Observations point to a strong and general increase in temperatures in the Alps. Model results show a trend of continuous warming: the mean alpine temperature could increase by 3 to 5°C in summer and 4 to 6°C in winter by the end of the 21st century. General trends concerning observed mean precipitation have not been found. However, heavy precipitation tends to increase in different seasons depending on the territory. Most projections until 2100 suggest a decrease in summer and an increase in winter. Precipitation in winter will increasingly fall as rain rather than snow, leading to fewer days with snow cover. This trend is very likely to continue throughout the 21st century for all alpine countries. A retreat of the alpine glaciers has been observed since the end of the Little Ice Age in about 1850. The disappearance of medium altitude glaciers and a general reduction of glacier volumes and lengths are being predicted for the 21st century.
(see also results of the project ClimChAlp - Climate change, impacts and adaptation strategies in the Alpine Space” and the chapter “Climate change: impacts and adaptation in the Alps - The vulnerability of the Alps to climate change - Climate change and impacts - Future threats - The need to adapt”)
Forests make up more than 40% of the total Austrian territory. The agricultural area including alpine pastures has a comparable share. Mountainous ecosystems, and thus large parts of Austria, are highly vulnerable to changes.
National and international research documents the direct impact of the increase in air temperature and surface water temperature on the physical/chemical and ecological status of surface water bodies. As an example, for 12 Austrian lakes a tendency of water temperature rise as a consequence of the increase in air temperature can be observed. (M. Dokulil, 2009).
Observations show the migration of certain species toward higher altitudes. In the future, the composition of the vegetation group might change in altitude and latitude, inducing a loss of biodiversity, especially of the most endemic species that have a very limited climatic tolerance. Plant communities shift towards higher latitudes and altitudes, hence rare and endemic species with low dispersal capacities could become extinct in the present alpine and nival belts. The projected increase in temperature will likely move the tree line to higher elevations. Warmer temperatures are also expected to enhance the survival rates of forest pests such as the bark beetle or fungi infections. An increased frequency and severity of summer droughts is thought likely, which would threaten tree health and survival. Especially secondary coniferous stands in areas below 1000 m in elevation, which are extremely sensitive to environmental stress factors, are highly vulnerable to climate change. (BMLFUW 2009)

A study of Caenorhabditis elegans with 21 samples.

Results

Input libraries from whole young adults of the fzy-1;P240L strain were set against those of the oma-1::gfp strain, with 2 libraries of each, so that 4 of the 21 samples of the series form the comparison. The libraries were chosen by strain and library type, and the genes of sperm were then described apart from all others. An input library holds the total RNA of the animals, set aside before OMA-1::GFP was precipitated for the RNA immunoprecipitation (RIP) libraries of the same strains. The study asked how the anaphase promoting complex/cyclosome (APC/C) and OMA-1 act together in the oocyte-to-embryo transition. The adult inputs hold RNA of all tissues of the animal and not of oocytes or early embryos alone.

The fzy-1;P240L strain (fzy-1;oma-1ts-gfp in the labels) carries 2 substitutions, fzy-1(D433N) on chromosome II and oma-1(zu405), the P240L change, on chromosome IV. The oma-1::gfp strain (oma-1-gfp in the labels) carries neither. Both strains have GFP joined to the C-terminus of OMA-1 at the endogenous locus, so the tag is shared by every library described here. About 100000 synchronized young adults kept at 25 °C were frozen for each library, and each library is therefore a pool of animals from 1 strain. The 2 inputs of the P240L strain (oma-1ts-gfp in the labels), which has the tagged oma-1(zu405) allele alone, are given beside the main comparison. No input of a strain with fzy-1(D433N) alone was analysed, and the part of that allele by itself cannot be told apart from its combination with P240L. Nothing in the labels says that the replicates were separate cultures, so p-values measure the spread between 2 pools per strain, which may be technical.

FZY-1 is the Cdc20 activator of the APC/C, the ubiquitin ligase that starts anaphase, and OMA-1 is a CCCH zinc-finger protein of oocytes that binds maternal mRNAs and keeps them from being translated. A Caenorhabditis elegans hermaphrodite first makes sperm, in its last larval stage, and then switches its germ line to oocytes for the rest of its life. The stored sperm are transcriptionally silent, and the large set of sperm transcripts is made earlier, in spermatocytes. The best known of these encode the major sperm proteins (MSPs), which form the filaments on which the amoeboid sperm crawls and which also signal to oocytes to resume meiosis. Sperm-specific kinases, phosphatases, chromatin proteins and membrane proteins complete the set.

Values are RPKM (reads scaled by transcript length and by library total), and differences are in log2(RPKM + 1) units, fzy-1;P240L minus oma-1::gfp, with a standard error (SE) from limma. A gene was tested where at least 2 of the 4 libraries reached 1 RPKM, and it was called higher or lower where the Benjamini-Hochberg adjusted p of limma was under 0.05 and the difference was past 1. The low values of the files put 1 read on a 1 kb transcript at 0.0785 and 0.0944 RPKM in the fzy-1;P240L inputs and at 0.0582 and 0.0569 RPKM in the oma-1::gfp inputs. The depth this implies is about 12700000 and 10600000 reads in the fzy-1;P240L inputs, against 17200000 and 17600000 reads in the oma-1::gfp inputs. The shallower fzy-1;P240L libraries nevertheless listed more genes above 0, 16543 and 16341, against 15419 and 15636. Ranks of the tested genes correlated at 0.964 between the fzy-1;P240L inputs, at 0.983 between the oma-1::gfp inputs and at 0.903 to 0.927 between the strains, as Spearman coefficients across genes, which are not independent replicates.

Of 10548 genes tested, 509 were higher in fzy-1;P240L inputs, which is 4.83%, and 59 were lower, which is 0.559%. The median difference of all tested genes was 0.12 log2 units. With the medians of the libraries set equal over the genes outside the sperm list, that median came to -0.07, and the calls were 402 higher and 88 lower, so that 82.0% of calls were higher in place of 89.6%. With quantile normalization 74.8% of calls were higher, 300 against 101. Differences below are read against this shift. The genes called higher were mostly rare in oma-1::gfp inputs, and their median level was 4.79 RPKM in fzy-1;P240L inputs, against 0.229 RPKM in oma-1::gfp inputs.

Agriculture is highly exposed to climate change, as farming activities are directly affected by climatic conditions. A change in currently viable areas of crop production is likely while crop yields may rise if moisture is not limited. Increases in the number of extreme events may offset potential benefits and soil degradation (by erosion, leaching, etc.) might be accelerated. As a consequence, a loss of agricultural productivity due to greater duration and/or intensity of precipitation in some areas may occur. On the other hand, droughts occurring in other parts of the country – as in the hot and dry summers of 2000 and 2003 – resulted in parts of Eastern Styria in a distinct decline in groundwater levels at the same time of high peak water demand over the summer months.
Tourism plays an important role in Austria’s economy. A shortening of the winter sports season will probably occur in the next decades (OECD 2007). To some extent, the impacts might be offset by technologies such as snow-making equipment, as long as climate conditions remain within appropriate bounds. However, artificial snow making also raises environmental concerns because of the quantities of energy and water required.
Concerning hydro-power generation, the change of both the seasonal distribution of the reservoir influx and the overall water volume has an impact on the annual production capacity, due to potential changes in runoff extremes. Operating problems regarding water storage for power plants are likely to occur in individual cases, as glaciers are receding.
In general, there is a possible increase in the risk of incidence of vector-borne diseases (including Malaria), also associated with modern transport and tourism flow.
Therefore, to tackle the problem, Austria’s climate policy relies on two pillars: adaptation and mitigation.